Commentary

Issues of race, gender and class helped Rousseff win another term in Brazil

Re-elected Brazilian President Dilma Rousseff delivers a speech following her win in Brasilia on Oct. 26, 2014. Leftist incumbent Rousseff won after a down-to-the-wire race against center-right challenger Aécio Neves.
Credit: EVARISTO SA

AUSTIN, Texas — The bitter fight between Brazil’s newly re-elected president Dilma Rousseff and her opponent, Aécio Neves, was not just about a slowing economy or rumors of corruption. This election divided the nation around tough questions of class, race, gender and power.

The presidential election in Brazil was a cliffhanger. By 7 p.m., one hour before the polls closed, Brazilians waited to hear who won: Would it be Rousseff of the Worker’s Party (PT) or Aécio Neves, grandson of former President Tancredo Neves, of the Brazilian Social Democracy Party (PSDB)?

Rousseff’s Worker’s Party has had success combating poverty and hunger during the 12 years it controlled the presidency. A lesser-known aspect of the campaign is the question of race. Black activists have been an important element of the Worker’s Party government of the past 12 years.

A legacy of former president Luiz Inácio Lula da Silva is the Secretariat for the Political Promotion of Racial Equality (SEPPIR), founded in 2003. SEPPIR has been instrumental in thrusting questions of race to the forefront of Brazilian politics, particularly the debate over affirmative action.

In July 2010, Rousseff’s administration succeeded in ushering in the Statute of Racial Equality, which expands government efforts to eliminate racial disparity.

The election Sunday was also about gender. Since her first election in 2010, Rousseff, has been a rallying figure for feminists. Feminists and black activists naturally lean left, and these coalitions were critical to the election of Lula in 2002 and then again of Rousseff in 2010.

The Rousseff government’s continued dedication to eradicating poverty and fighting for racial equality have been decisive in rallying support. Yet, some of what made this tough re-election for Rousseff was the popular perception she has not followed through on promises to her bases, including changing the culture of inequality in Brazil.

The popular protests that took Brazil by storm in the summer of 2013 recall the frustration many Brazilians had over World Cup spending in the face of deep poverty and continued concerns about the over-militarization of Brazil’s violent police forces.

Yet, the threat of a conservative center-right government led many Brazilians to put their criticisms aside and turn leftward, even though 9 percent of the Brazilian population decided to sit out this election by voting “blank” or abstaining.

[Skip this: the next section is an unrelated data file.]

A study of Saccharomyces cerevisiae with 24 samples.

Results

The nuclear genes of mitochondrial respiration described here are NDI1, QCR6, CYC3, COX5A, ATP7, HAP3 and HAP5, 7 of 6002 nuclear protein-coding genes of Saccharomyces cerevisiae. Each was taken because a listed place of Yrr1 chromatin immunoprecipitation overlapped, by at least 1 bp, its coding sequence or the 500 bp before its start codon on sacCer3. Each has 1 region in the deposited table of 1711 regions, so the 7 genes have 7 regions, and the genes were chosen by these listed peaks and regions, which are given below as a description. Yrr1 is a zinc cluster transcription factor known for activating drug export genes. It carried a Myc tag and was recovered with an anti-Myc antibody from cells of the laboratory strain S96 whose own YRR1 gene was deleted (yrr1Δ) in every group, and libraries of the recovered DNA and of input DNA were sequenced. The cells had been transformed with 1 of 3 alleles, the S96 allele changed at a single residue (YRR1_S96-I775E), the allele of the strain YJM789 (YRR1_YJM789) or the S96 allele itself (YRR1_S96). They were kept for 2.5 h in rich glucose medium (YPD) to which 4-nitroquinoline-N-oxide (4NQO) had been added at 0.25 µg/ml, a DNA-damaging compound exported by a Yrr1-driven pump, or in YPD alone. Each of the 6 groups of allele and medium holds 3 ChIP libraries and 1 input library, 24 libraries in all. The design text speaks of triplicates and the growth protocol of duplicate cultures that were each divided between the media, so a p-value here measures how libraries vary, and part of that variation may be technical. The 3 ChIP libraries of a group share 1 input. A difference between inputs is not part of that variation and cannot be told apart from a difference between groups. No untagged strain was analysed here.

As votes came in, Brazilians were reminded that this election would come down to regional, racialized class differences. Popular perception was that if Rousseff won, it would be due to northern and northeastern states, the poorest regions where the majority of Brazil’s black and indigenous population live.

Racist remarks about the election and the north/south divide in Brazil abounded on Twitter. Many referred to northeasterners as illiterate or advocates for dividing the nation between the north/northeast and the south.

These comments emphasized the racial subtext of the election. Neves was thought to be the candidate that represented neoliberal policies and the possibility of economic reform, but he was also seen as a representative of the white, patriarchal upper-class elite. When black and indigenous candidate Marina da Silva dropped out, many black and indigenous Brazilians turned to Rousseff as their candidate.

In her acceptance speech, Rousseff said that “at times in history, tight election results produce stronger, faster changes... the debate of ideas, the clash of positions, can produce spaces of consensus that can move our society further down the paths of change that we so desperately we need.”

As Brazil looks forward to Rousseff’s next four years, many will be waiting again to see if she continues to expand her social justice policies, not just against poverty but also for racial and gender equality. She ended her speech, saying, “once again, this daughter of yours won’t walk away from the fight.” We hope so.

Christen A. Smith teaches in the departments of African and African Diaspora Studies and Anthropology at the University of Texas at Austin and is a public voices fellow with the OpEd Project. She has published articles on racial politics in Brazil and has a forthcoming book on race, violence, performance and the black body in Brazil.